Changes to how TCC creates its class schedule have resulted in fewer courses being cancelled, more courses being offered, and increased enrollment.
Between Spring 2017 and Spring 2018, the total number of classes offered increased by 2.3 percent, and the cancellation of classes rate decreased by 3.4 percent.
Scheduling classes is a complicated process for any institution of higher education. It involves no small number of moving parts, including campus populations, program locations, available qualified faculty, and predicting the number of students who will need a particular class in a particular semester. Having four campuses and several off-campus locations increases the number of complicating factors.
In recent years, TCC has made massive shifts in how it coordinates classes and sections between campuses. One of those changes involves fill rates.
A “fill rate” is the number of students enrolled versus the class maximum. Currently, the target fill rate at TCC is 80 percent.
“We want to ensure we’re at 80 percent of capacity for any class that has multiple sections,” says TCC Assistant Vice President of Enrollment Management Eileen Kenney. “Doing so allows us to conduct better section management. We’re ensuring we’re offering the correct number of the right courses needed for the number of students predicted to enroll. As a result, we are cancelling fewer and fewer sections.”
Cancelled classes are disruptive. For the adjunct faculty member, it’s a loss of pay. For the student, it could mean a disruption of their college career from which they might not recover.
“When we cancel a class, it’s not guaranteed a student is going to reenroll in another class,” says Kenney. “When we reduce our cancellation rate, it gives more stability to our faculty and our students,” says Kenney. “Students don’t have to worry about adjusting their schedules at the last minute if a class gets cancelled, and faculty can better plan.”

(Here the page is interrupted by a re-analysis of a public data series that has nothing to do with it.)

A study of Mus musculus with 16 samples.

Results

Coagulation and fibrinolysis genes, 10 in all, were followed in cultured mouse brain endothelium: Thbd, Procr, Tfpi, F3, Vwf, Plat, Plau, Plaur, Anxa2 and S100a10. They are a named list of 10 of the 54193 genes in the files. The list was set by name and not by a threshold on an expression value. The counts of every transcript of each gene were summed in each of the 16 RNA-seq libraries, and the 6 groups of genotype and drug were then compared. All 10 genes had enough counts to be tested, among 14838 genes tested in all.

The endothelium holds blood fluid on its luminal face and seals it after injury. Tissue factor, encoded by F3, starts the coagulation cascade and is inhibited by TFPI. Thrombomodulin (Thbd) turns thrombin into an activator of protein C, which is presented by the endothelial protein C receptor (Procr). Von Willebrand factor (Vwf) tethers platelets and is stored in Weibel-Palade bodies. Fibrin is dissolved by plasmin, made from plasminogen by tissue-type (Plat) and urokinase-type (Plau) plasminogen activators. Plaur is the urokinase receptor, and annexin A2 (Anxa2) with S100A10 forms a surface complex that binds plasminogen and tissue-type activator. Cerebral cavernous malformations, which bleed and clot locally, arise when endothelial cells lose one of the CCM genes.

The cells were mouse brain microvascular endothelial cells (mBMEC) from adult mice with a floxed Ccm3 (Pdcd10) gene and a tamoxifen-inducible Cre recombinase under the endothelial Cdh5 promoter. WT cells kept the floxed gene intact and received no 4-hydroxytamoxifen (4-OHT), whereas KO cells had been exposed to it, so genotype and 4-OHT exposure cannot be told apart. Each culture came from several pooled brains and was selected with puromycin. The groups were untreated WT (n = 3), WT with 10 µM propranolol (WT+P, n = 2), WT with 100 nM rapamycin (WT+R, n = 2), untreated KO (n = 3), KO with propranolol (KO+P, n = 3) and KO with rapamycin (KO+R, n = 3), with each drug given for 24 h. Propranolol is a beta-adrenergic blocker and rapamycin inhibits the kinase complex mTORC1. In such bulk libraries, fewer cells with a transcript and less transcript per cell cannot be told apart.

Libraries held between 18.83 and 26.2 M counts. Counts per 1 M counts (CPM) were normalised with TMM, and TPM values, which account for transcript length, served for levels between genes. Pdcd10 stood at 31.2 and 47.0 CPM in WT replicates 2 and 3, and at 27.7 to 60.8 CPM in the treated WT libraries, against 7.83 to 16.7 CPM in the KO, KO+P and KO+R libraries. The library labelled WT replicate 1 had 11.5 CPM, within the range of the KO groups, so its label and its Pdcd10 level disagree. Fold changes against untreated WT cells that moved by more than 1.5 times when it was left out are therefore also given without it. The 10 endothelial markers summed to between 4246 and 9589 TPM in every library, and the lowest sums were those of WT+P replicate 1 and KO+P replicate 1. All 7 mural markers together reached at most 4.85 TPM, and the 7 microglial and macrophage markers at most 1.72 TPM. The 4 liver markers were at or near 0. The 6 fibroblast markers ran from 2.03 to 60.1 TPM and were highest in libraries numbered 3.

The changes came about out of necessity. At the time the new processes were implemented, the College was facing substantial budget cuts. Each cancelled class had an economic impact on the College.
“We wanted to do everything we could to steward our existing resources,” says Cindy Hess, TCC senior vice president and chief academic officer. But more than that, the College wanted to do right by students, and remove barriers to their success.
“We looked at the scheduling process and asked what was right for students, and then we asked our department chairs and deans to schedule for student needs first, and faculty preferences second,” says Hess. “What our chairs and deans have accomplished has been really, really difficult, and while we haven’t ‘arrived’ at this, we are thrilled to see the early impact of a student-centered schedule.
“It’s not good for anyone to have to cancel a course. The goal is to have zero cancellations.”
Changes to TCC’s scheduling is an example of how the institution engages in systematic and integrated planning (HLC criterion 5.C).